ILLEGAL brokers made an estimated RM38 billion in property transactions in 2014, eating up almost 40 per cent of the earnings that could have otherwise gone to licensed real estate agents.
The total transacted value of property in 2014 amounted to RM162 billion, RM97 billion of which was transacted by registered real estate agents and illegal brokers.
Lately, these unlicensed brokers are marketing their services via social media through web portals, web page applications (apps) and Facebook, often getting away with duping unsuspecting property sellers, buyers, landlords and tenants.
And those who become victims of these bogus agents have no recourse but to lodge police reports.
t is believed that for every registered estate agent, there are 20 illegal ones, especially in Sabah and Sarawak.
“Illegal brokers are thriving because the public believe they can get better deals from them.
“But this is a misconception because firstly, they will undervalue your property as their motivation is to sell.
“Victims will be unable to cover their losses unless they lodge a police report.
“On the other hand, if a registered estate agent does this, you can sue for misrepresentation,” said former president of the Malaysian Institute of Estate Agents (MIEA), K. Soma Sundram.
There are 2,400 registered estate agents, 950 real estate firms and 17,500 certified negotiators with tags.
Soma Sundram said although there were some certified negotiators who did not adhere to the law, the public could get redress through the Board of Valuers, Appraisers and Estate Agents (BOVAEA).
“Firstly, they are protected by the negotiators’ firm. If the negotiator does something wrong, the firm will protect the client by taking action against the negotiator. Secondly, the client is protected by a client’s account when it comes to money as it goes into the account.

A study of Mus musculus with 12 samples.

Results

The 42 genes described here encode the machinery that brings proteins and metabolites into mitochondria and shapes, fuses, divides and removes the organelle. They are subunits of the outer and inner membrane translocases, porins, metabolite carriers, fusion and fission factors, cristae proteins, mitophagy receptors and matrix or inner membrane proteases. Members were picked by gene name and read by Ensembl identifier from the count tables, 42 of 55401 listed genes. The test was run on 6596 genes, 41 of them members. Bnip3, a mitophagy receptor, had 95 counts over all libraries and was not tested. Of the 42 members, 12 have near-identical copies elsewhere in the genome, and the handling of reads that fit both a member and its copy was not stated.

“The client will also be protected by an indemnity insurance. If anything happens to the money or it goes missing, the insurance will cover the loss, depending on the terms and conditions.”
Soma Sundram said clients of registered estate agents and negotiators were protected by the board and law.
He said the booming property market had enticed many young people to earn a side income as real estate and property agents.
The board recently warned the public to be wary of individuals, investors, business entities and companies that had become illegal brokers intending to cash in on new development projects.
“The Board’s Estate Agency Practice Committee (EAPC) is monitoring and identifying such illegal activities,” said EAPC chairman Eric Lim Chin Heng.
He cited the case of a public-listed company which had started a property portal to promote a developer’s product.
The board investigated the case and found that it had infringed the Valuers, Appraisers and Estate Agents Act 1981.
Those who contravene the act are liable to a fine not exceeding RM300,000 or imprisonment for a term not exceeding three years, or both.
Probationary estate agent Billy Low said from a negotiators perspective, the registration of estate negotiators had elevated the level of professionalism and status of negotiators.
“When we bring our tags during the course of our work, clients can be assured they are dealing with someone who is accountable.
“It (tag) complements the job and we are well equipped to educate the public about dealing with unregistered practitioners.”
Low had come across customers who complained that “estate agents” had overcharged them for professional fees, some by five per cent compared with the standard three per cent approved by the board for registered estate agents.
“The clients couldn’t take action against these illegal brokers because they were not issued proper letters of offer. “A registered real estate negotiator (REN) will follow the rules by having proper documentation so that clients will be better protected.
“By using a registered agent, clients do not have to worry about being overcharged or not getting their money back in case the deal doesn’t go through.
“They know they are dealing with someone who is accountable to the board. “In any event, they can always directly address the board if there are any grievances.
“If they engage an illegal broker, there is no platform for them to seek redress or to lodge a police report.”
Low is also head of MIEA Youth, which aims to raise awareness among young people interested in becoming negotiators but do not know how to go about it.
This article first appeared on New Straits Times Online on 31 January 2016.